Sensors face specific challenges in today’s high-speed, high-volume inline inspection environments. For example, what happens when a sensor runs out of memory, cannot run fast enough, or needs to handle data from more than two sensors in a sensor network?
In these cases, developers have to use an SDK and move all the raw data for processing onto a PC. This change in strategy is not a simple task. It requires writing code to communicate to many sensors, creating and managing queues to receive incoming streams of raw data, as well as having to synchronize those streams to a common encoder or timestamp and transform the data to a common coordinate system (for multi-sensor setups).
By moving data to a PC, you also abandon any built-in measurement tool functionality on the sensor. In short, you are on your own to process 3D point clouds.
Gocator Accelerator (GoX)
To solve these sensor roadblocks, LMI created the Gocator Accelerator (GoX). This is a PC application that allows you to connect with real Gocators and set them up for acceleration. GoX does this by instructing the real Gocator to send its data streams to the GoX application in order to speed up data processing (both point cloud generation and 3D measurement).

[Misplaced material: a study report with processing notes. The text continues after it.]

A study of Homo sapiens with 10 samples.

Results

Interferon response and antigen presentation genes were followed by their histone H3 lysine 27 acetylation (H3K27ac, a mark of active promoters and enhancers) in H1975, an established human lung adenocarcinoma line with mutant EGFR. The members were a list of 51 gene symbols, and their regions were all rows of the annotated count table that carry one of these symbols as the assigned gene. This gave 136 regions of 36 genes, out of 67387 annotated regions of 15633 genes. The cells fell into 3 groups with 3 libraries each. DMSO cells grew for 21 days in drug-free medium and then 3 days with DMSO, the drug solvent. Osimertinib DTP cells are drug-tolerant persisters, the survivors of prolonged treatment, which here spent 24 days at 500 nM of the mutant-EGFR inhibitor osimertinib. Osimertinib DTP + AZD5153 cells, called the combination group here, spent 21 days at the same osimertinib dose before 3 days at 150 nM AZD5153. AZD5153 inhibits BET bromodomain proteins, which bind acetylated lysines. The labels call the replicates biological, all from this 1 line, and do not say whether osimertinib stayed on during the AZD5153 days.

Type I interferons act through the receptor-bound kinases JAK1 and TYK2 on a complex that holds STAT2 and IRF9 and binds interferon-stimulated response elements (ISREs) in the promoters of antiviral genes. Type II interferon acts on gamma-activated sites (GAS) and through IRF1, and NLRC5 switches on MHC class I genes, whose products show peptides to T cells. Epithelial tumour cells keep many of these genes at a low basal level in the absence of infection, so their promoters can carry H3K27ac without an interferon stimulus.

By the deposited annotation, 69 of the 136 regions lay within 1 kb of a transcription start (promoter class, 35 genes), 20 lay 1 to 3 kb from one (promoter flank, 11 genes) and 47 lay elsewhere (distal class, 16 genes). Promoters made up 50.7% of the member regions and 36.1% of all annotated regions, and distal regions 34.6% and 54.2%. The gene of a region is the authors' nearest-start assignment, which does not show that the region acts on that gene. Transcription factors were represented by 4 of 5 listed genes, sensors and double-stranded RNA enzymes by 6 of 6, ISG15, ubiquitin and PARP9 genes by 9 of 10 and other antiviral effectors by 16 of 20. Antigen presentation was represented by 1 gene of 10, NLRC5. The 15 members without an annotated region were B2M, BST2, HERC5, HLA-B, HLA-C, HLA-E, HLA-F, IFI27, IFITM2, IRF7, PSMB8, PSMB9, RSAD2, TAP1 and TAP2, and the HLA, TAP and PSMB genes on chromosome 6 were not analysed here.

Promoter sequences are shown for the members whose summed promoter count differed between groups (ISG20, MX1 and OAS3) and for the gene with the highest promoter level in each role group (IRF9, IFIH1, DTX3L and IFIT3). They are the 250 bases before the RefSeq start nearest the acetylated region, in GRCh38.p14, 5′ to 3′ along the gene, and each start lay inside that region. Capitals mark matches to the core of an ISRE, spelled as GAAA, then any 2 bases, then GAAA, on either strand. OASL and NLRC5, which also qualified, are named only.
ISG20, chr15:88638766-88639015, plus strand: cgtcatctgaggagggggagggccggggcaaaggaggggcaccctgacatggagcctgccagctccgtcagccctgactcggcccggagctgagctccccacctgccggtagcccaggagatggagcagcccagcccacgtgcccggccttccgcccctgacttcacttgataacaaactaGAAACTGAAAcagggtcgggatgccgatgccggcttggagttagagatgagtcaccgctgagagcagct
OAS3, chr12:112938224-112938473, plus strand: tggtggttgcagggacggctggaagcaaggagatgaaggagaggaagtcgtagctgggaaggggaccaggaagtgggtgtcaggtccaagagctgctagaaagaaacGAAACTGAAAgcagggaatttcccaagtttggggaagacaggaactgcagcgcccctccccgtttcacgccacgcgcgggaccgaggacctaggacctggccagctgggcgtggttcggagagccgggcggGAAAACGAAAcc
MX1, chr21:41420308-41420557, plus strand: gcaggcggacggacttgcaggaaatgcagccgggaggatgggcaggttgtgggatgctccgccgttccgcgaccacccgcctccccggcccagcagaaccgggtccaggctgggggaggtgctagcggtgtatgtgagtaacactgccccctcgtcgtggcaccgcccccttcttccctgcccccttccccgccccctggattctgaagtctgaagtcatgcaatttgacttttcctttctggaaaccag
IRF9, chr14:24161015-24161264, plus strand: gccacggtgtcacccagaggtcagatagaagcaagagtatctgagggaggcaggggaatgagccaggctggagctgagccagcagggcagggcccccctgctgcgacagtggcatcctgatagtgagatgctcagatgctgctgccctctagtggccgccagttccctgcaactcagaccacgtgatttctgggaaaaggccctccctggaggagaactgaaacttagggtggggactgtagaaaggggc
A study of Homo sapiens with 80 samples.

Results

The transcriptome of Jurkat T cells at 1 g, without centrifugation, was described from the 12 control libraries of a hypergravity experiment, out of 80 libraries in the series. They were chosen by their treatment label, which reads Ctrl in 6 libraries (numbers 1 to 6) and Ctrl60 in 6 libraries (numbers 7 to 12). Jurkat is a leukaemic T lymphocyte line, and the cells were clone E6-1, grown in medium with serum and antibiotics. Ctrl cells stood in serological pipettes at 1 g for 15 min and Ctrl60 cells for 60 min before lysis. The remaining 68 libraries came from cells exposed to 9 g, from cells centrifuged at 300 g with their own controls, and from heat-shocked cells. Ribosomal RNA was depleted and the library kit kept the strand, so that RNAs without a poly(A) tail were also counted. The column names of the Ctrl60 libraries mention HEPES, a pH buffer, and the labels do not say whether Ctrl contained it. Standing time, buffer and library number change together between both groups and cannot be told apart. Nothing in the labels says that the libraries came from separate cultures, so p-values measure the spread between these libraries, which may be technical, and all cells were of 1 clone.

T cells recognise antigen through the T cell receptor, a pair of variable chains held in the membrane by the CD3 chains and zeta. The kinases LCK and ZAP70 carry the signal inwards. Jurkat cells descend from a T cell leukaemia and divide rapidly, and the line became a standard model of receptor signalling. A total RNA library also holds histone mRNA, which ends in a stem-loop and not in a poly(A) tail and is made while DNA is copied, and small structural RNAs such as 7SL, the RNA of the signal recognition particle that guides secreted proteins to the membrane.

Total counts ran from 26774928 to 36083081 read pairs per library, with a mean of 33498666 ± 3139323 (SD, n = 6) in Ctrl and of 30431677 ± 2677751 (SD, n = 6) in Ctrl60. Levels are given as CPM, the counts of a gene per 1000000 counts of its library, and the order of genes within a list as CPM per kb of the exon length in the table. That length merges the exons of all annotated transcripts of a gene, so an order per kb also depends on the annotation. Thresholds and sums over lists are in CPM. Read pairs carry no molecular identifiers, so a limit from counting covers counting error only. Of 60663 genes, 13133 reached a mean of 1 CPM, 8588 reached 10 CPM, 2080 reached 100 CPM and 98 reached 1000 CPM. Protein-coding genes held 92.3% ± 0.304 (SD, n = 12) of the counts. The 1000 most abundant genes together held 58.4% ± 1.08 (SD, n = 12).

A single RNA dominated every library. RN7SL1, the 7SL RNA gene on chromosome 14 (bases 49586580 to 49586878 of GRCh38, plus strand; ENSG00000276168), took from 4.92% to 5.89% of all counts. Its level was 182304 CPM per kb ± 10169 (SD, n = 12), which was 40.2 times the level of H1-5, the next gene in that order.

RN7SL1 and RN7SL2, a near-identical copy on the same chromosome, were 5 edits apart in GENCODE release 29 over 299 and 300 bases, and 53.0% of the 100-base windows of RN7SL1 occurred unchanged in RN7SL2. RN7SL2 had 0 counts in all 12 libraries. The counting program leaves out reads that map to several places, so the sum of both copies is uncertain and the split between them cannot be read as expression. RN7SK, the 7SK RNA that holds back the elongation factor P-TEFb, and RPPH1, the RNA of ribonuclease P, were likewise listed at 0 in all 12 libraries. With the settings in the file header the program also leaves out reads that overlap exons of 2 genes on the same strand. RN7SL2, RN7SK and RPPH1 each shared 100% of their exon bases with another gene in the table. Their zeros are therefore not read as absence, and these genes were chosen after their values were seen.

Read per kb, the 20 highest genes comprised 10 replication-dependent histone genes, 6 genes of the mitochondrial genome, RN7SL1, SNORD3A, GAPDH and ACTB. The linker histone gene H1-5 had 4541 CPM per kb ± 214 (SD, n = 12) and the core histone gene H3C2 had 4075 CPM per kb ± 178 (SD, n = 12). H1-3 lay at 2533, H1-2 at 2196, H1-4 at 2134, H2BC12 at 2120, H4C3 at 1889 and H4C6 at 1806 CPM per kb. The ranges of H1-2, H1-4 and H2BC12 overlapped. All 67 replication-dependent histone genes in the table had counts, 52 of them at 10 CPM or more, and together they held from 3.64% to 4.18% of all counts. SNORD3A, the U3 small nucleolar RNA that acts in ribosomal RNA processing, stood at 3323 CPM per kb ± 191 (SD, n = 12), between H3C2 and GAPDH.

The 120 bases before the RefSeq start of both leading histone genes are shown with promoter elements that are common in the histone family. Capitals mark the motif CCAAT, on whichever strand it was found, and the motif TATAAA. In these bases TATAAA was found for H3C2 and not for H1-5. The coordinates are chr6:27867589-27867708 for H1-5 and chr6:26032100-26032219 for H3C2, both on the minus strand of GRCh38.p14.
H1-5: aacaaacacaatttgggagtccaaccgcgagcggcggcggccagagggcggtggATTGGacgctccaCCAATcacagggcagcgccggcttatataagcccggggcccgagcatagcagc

As a result of acceleration, you get a ton more memory to work with (2-4 Gigabytes is typical for a PC whereas unaccelerated Gocators are limited to 0.5 Gigabytes). This gives you the ability to effectively handle networks involving 10-20 sensors.
Another benefit of GoX is that you don’t lose Gocator’s communication support, so when measurement decisions are completed on GoX, you still have the protocol stacks (EthernetIP, Modbus, ASCII, etc) to send results to the factory.
The GoX application is a silent partner to Gocator––seamlessly redirecting on-board processing from real sensors to a PC. For ease of use, GoX presents itself like a virtual Gocator, with the same web-based user interface as a real Gocator.
Using GoX is as easy as firing up a real Gocator, setting up your measurement job, and then switching to GoX to run the same job––only this time leveraging the power of a PC. The GoX approach quickly gives you increased memory, increased speed, and a way to manage and process data from a multi-sensor network.